The top entertainment books in 2010?

December 20, 2010 – This year provided actual (and virtual) bookshelves with great reads as well as some incredibly packaged tomes that no downloadable app could ever replicate. The 2010 top picks offer a little bit of everything: fiction, humour, movies, pop culture and comics.

10. The Making of Star Wars: The Empire Strikes Back by J.W. Rinzler

The best of the Star Wars films gets an in-depth, comprehensive look by the author of the coolest “making of” books in the galaxy. Stuffed with more photos, artefacts and unbelievable goodies than the Millennium Falcon’s cargo hold, the book offers the kind of deep, intensive look that you almost never get but wish you did.

9. Chelsea Chelsea Bang Bang by Chelsea Handler

Yes, she works here, but more than that she works it. A teller of hilarious tales and misadventures, the host of E!’s Chelsea Lately knows what you want in a book: jaw-dropping, funny tales that you can’t believe she commits to paper. And all you fans clearly love it, because she’s been all over The New York Times bestseller list and just a signed deal to create her own publishing imprint. So there!

8. Simpsons World: The Ultimate Episode Guide Seasons 1-20 by Matt Groening

The second-heaviest book on the list, Simpsons World collects 20 years worth of data on the longest running animated family sitcom ever. Ever wonder about…well, anything having to do with the show? There are more than one thousand pages that include every “D’oh!” Homer’s uttered and lots more pointless delights. If you want to know it, it’s in here.


7. Unbearable Lightness by Portia De Rossi

What could seem like an impossibly glamorous life from the outside turns out to have been a personal nightmare for the actress best known for Ally McBeal and Arrested Development. This book chronicles her struggle to overcome an eating disorder that was causing her to wither away and to find peace as an openly gay woman. It’s a moving, powerful story.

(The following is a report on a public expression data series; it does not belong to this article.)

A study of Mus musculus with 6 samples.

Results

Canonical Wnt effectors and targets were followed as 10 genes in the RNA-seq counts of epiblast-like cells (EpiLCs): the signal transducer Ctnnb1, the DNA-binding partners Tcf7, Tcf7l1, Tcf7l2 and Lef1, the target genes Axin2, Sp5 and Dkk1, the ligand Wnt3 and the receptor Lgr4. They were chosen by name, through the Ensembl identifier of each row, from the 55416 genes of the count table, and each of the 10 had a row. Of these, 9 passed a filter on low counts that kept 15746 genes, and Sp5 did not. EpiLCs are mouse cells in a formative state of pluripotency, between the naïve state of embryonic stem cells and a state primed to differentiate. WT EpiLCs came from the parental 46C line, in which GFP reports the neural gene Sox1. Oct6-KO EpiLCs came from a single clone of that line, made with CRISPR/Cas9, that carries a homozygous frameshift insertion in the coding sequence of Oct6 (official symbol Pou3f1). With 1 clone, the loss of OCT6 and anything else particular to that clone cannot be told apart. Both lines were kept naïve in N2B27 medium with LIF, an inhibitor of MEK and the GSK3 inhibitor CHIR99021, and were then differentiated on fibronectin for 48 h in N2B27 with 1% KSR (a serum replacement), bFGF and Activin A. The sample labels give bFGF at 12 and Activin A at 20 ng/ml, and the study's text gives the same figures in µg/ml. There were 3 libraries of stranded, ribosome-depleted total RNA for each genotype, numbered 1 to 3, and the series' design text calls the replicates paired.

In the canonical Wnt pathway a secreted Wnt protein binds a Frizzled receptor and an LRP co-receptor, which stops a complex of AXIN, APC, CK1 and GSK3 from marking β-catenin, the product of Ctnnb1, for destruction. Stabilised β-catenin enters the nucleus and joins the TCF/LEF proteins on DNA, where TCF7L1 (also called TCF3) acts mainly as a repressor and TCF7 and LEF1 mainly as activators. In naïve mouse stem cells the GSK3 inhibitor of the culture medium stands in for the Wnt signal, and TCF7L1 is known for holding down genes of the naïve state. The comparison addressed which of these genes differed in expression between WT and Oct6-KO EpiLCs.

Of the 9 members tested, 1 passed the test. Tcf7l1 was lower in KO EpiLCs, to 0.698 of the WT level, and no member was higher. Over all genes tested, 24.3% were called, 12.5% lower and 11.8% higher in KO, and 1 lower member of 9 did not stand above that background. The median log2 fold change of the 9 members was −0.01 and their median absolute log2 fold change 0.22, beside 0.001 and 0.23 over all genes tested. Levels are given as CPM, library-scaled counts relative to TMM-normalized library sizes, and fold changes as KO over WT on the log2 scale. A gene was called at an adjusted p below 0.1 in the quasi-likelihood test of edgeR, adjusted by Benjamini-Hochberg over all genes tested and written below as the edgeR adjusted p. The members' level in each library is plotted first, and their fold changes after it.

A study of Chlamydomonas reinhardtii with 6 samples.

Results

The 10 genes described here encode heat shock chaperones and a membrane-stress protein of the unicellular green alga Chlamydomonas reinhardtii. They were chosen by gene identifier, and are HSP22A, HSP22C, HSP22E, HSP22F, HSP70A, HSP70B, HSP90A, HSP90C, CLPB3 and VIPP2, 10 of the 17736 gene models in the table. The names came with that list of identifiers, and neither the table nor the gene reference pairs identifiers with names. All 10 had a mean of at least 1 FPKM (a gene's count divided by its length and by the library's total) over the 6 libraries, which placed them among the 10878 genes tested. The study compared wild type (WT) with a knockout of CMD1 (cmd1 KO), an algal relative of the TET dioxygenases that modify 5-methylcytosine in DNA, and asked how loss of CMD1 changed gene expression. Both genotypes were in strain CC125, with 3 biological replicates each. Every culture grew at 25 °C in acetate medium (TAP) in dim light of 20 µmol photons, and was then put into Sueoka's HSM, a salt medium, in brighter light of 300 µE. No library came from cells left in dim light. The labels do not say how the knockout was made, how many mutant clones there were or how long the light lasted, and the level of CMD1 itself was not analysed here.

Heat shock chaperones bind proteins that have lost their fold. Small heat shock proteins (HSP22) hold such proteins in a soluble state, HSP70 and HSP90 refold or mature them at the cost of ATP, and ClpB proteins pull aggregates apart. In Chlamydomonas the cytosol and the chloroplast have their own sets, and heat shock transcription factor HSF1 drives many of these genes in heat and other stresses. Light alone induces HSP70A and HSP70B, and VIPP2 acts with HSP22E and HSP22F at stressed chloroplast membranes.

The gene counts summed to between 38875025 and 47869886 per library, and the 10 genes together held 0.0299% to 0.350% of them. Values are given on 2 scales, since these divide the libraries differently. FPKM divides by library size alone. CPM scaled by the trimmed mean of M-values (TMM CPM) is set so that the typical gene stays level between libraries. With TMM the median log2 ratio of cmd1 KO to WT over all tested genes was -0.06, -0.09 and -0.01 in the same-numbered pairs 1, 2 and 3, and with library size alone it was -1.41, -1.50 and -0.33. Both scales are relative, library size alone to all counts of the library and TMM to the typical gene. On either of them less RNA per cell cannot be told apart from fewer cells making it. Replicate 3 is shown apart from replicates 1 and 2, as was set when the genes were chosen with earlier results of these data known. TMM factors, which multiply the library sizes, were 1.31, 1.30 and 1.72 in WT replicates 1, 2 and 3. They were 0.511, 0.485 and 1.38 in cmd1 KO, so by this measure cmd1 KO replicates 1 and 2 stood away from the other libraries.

6. The Daily Show With Jon Stewart Presents Earth (The Book): A Visitors Guide to the Human Race by Jon Stewart

OK, the concept—a book to explain our planet to aliens—is a little odd, but if you’re looking for a book to make you laugh, make you think and make you want to tune into The Daily Show, well, this is it. Plus, it’s got pictures!

5. Mockingjay by Suzanne Collins

You know that this is the next Twilight, right? Maybe it is (and most probably it isn’t), but Mockingjay, the final book in The Hunger Games trilogy, isn’t about vampires. Set in a messed-up, post-apocalyptic America, the trilogy follows the trials of Katniss Everdeen, a disaffected teen who volunteers to take the place of her young sister in a violent, televised battle to the death. Though she’s skillful with a bow and arrow, Katniss is totally unprepared for the carnage of the games, the political manoeuvring of the government and the choice between the two manly beaus who love her. What comes next in battle, in love and in revolution is absolutely thrilling.

4. Life by Keith Richards

Who knew this guy was paying attention all those years? Keith Richards, the most unlikely autobiographer ever, has a sharp eye for detail, a raconteur’s sense of storytelling and a history of misadventure both romantic and pharmacological that is unparalleled. Even if you have no clue who the Rolling Stones are, you will want to read this blueprint on how to be a rock star—and survive.

3. 75 Years of DC Comics: The Art of Mythmaking by Paul Levitz

As megaproportioned as Superman’s biceps, this massive tome is super-sized with hundreds of photos, reproductions and cool foldouts. Beautifully designed and executed, 75 Years takes a larger-than-life look at the comic book company responsible for bringing us Superman, Batman, Wonder Woman, Green Lantern and many more less iconic funny book heroes, as well as the men who made them. Totally super.

2. Just Kids by Patti Smith

Winner of the National Book Award and our own unofficial prize for awesomeness in autobiography, poet-turned-rock star-turned memoirist Smith was once a shy young woman fresh to New York City, but soon enough she and her best friend, lover and partner in art Robert Mapplethorpe seem to come into contact with everyone who’s anyone in late 1960s NYC, from Janis Joplin to Andy Warhol and many, many more. But at its heart—and this book has a big, big heart—Just Kids is about love of a time, a place, a person and art.

1. Decoded by Jay-Z

Nothing Jay-Z does surprises us anymore, because we know the guy is full of surprises (like how he came to get the clearance to use the Annie sample for his hit “Hard Knock Life”). And here he breaks down his rhymes and influences and offers a history lesson about the streets of New York City streets of his youth. Ultimately escaping the drug game for the rap one, Jay-Z emerges both wiser and still driven.